Let’s face it. We all know we should do preventative maintenance on just about everything, including our outdoor power equipment. But how many of us actually DO preventative maintenance regularly? Do you know why you should perform maintenance? Ultimately, it will save you money and protect your investment for years to come. Preventative maintenance isn’t just about looking over your equipment when spring arrives or when you’re getting ready to store your equipment for the winter. It should be done at regular intervals, especially if you’re a professional landscaper, but homeowners need to be just as diligent. They just don’t have to do it as often as a professional landscaper. Look at your operator’s manual for the recommended schedule.
Prior to performing any type of preventative maintenance, it’s important to understand what kind of engine you’re maintaining. ECHO engines are small displacement 2-stroke engines. Ethanol blended fuel and reduction in exhaust emission mandated by the EPA are responsible for changes in how often you need to perform preventive maintenance.
One aspect of preventative maintenance often overlooked is where you live. If you’re in the Midwest, chances are there’s not as much dust blowing around like there is in dry, arid parts of the country. Your climate and region can affect how often you should be inspecting your equipment prior to use. Why do we bring this up? Well, one of THE most overlooked and MOST important areas of preventative maintenance is air filtration. Your air filter’s primary job is to keep dirt and debris out of your engine. Air filters can only hold so much dirt and debris before it starts getting pulled into the engine. Once it’s there all of that dirt and debris begins to act as an abrasive and your equipment starts to go downhill pretty quickly. It grinds against the internal components of your engine, getting caught between the piston and the cylinder; wearing away internal engine components.
Great! Now that we know that little nugget of information, what is the best way to combat the issue? Inspect and replace your air filter when visible wear, engine performance and dirt become noticeable. Typically your air filter should be inspected prior to each use and replaced every three months or 90 hours. I know, I know, you’re thinking every time I start up my equipment I need to check it? Again it depends on where you live. If you live in Arizona and a dust storm has made its way through, you probably want to check the condition of your air filter. As always, consult your operator’s manual for recommended inspection and replacement schedules.
What’s next on our preventative maintenance list? Fuel Filters. These little guys help keep dirt and debris out of your carburetor. You may be asking yourself, “What’s so bad about not regularly changing your fuel filter?” Over time, they gather fuel deposits, gums and varnishes (from old or stale ethanol based fuel) which leads to filters getting clogged and ultimately restricting fuel to the engine; BUT more importantly the oil doesn’t pass through the fuel lines to lubricate engine components. Not having engine components properly lubricated could cause any of the following symptoms:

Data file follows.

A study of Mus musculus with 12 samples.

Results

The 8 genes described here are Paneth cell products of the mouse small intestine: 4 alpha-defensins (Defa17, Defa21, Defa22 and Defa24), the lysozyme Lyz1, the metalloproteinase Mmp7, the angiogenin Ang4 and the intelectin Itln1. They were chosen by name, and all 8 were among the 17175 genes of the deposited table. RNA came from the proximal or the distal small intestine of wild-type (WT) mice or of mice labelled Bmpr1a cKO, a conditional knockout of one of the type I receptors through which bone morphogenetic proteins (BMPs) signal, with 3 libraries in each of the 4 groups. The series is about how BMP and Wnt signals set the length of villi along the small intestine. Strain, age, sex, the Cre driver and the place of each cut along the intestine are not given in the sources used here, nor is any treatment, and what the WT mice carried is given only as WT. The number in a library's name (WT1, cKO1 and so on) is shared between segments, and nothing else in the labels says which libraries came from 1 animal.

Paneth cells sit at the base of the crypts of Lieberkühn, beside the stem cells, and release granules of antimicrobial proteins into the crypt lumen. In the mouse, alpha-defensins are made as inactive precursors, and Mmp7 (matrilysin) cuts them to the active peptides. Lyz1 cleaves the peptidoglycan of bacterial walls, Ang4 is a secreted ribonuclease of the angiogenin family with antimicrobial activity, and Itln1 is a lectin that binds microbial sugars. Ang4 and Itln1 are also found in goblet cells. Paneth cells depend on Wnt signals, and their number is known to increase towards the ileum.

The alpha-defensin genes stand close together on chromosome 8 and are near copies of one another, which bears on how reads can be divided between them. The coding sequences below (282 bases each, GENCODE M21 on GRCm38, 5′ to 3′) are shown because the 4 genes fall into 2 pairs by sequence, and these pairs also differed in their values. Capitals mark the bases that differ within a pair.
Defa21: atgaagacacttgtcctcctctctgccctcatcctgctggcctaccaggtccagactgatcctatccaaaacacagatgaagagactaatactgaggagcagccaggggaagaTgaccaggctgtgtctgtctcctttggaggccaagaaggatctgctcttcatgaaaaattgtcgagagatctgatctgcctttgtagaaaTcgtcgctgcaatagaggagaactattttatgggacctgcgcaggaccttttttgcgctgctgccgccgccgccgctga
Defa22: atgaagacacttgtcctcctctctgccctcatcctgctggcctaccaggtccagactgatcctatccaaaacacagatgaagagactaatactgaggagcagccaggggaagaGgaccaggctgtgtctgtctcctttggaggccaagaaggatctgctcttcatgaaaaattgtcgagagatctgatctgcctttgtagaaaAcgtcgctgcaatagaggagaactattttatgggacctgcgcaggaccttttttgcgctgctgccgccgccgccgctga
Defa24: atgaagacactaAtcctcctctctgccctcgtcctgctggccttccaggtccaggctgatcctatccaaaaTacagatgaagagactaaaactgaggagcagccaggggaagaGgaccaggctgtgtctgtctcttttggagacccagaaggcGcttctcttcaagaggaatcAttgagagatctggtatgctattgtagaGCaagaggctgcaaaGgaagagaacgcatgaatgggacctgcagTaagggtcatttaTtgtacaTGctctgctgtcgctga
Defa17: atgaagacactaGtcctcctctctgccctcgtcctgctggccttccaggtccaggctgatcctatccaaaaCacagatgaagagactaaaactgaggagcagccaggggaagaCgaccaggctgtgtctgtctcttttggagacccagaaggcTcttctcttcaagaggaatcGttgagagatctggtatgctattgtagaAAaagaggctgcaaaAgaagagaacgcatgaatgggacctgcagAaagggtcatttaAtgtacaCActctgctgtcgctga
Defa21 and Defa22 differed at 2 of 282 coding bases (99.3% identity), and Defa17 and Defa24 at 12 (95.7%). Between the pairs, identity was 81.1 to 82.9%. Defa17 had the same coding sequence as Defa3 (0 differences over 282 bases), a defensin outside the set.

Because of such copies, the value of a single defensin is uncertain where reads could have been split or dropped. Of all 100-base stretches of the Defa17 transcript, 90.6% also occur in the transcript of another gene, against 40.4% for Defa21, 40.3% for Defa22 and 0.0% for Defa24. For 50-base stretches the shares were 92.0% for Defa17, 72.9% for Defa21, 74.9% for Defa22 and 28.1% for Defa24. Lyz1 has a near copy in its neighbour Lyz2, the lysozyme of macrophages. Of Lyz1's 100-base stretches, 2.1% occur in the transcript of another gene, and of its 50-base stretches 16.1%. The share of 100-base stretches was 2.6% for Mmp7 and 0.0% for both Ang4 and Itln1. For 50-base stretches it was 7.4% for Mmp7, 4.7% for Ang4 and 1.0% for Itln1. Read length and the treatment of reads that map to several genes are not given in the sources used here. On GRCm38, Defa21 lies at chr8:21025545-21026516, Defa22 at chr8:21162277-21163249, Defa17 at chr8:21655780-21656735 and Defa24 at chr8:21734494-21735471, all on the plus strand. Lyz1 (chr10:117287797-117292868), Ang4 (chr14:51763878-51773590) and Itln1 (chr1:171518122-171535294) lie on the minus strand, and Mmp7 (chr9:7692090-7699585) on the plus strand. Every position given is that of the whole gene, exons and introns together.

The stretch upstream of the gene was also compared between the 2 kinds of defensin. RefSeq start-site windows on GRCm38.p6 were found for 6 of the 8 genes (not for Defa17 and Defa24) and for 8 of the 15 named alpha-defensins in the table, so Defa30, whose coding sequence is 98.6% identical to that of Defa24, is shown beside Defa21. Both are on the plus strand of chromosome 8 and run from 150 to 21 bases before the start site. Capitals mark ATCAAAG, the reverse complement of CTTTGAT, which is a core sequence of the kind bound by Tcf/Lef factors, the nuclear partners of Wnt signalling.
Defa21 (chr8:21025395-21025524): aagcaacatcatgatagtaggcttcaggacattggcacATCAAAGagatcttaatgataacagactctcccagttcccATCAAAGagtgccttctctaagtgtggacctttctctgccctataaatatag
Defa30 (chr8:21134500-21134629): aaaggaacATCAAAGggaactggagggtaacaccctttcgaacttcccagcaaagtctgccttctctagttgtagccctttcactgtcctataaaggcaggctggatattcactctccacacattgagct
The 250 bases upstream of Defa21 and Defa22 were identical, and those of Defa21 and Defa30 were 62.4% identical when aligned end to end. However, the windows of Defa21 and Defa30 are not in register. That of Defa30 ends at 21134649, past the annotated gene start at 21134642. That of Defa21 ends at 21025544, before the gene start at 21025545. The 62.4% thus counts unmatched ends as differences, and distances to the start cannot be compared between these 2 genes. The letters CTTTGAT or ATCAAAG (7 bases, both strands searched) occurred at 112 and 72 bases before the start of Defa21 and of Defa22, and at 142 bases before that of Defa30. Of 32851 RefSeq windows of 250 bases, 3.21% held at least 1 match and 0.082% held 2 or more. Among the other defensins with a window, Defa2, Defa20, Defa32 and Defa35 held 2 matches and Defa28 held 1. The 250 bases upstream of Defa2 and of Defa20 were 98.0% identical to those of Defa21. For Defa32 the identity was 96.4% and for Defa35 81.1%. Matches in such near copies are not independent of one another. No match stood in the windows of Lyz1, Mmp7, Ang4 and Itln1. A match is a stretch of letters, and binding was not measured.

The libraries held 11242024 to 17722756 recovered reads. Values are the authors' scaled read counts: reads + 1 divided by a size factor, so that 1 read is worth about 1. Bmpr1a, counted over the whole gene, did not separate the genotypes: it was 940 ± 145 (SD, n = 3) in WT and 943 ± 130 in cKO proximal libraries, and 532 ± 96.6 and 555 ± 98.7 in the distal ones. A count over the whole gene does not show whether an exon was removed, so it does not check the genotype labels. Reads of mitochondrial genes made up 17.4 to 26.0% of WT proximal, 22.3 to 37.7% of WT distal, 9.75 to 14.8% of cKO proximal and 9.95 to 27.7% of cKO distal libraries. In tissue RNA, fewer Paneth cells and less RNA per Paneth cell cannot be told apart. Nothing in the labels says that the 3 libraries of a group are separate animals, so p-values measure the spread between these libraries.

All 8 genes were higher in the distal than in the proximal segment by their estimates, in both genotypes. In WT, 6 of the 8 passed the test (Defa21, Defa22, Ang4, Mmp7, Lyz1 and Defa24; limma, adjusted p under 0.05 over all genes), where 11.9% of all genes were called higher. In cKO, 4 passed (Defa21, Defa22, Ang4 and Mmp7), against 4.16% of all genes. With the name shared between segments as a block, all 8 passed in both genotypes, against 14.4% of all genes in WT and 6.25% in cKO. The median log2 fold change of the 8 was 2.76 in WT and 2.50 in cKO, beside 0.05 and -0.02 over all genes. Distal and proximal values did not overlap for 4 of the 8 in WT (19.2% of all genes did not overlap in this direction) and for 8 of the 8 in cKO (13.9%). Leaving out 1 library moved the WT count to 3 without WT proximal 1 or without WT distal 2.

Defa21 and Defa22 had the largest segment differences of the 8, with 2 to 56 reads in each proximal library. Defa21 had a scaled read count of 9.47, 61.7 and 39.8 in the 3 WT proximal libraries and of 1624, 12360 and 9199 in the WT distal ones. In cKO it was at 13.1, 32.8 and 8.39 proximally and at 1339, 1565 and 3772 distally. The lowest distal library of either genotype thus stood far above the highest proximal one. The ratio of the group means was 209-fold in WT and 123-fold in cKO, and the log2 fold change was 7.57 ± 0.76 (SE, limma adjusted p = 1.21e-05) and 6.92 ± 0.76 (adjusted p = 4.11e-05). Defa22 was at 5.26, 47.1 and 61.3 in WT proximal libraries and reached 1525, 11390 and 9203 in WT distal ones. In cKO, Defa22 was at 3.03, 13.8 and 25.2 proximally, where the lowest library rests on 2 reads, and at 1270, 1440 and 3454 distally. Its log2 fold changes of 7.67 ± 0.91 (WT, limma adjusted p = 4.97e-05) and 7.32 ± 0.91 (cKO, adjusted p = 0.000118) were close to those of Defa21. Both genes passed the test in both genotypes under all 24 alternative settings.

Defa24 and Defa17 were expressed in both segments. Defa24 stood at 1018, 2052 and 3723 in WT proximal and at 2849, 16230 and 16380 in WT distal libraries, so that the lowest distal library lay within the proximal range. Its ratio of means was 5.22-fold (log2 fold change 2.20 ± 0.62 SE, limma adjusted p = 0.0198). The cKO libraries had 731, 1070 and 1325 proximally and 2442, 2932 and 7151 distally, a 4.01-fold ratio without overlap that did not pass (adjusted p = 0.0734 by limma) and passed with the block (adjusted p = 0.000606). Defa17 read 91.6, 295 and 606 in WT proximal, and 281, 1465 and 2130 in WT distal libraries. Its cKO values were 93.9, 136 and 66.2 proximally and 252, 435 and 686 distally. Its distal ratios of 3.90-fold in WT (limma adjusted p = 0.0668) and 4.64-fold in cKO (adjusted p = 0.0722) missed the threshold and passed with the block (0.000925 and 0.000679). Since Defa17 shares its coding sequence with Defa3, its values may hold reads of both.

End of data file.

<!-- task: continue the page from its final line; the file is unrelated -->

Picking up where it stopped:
• Poor Engine Performance
• Difficulty in Starting
• Drop in Power Under Load
• Engine Seizure — starved from fuel, which causes a lack of lubrication – leading to metal to metal contact
Fuel Filters should be inspected every three months or 90 hours and replaced once a year; again, depending on your unit, region of the country and the recommended schedule provided in your operator’s manual.
Last but not least are spark plugs. In general, spark plugs should be replaced yearly if you don’t reside in a region where your equipment sees use 12 months out of the year. Over time, spark plugs can get deposits on them which could lead to engines not starting. As long as you inspect every three months or 90 hours, you should be in tip top shape. As always reference your operator’s manual for recommended inspection and replacement schedules.
I know this may seem daunting but performing preventative maintenance is really quite easy and it’s even easier using ECHO’s YouCan™ Maintenance Kits. All the components we discussed come pre-packaged in one of the kits and in most cases replacing parts can be done in under five minutes! Five minutes every season is worth the extended life on your outdoor power equipment. You can do it; it’s easy!
One last note about fuel. Before you break out your newly serviced equipment, make sure you are using fresh fuel. Chances are, whatever fuel you’ve got sitting in your garage or shed through winter is not good, unless of course it was a pre-mixed fuel like Red Armor Fuel. That old fuel, will ruin all the hard work you just did on prepping your unit for the season and you might find yourself requiring the service of a professional technician.
Happy Spring to you all! Check out the ECHO website for upcoming installation videos for the different YouCan kits.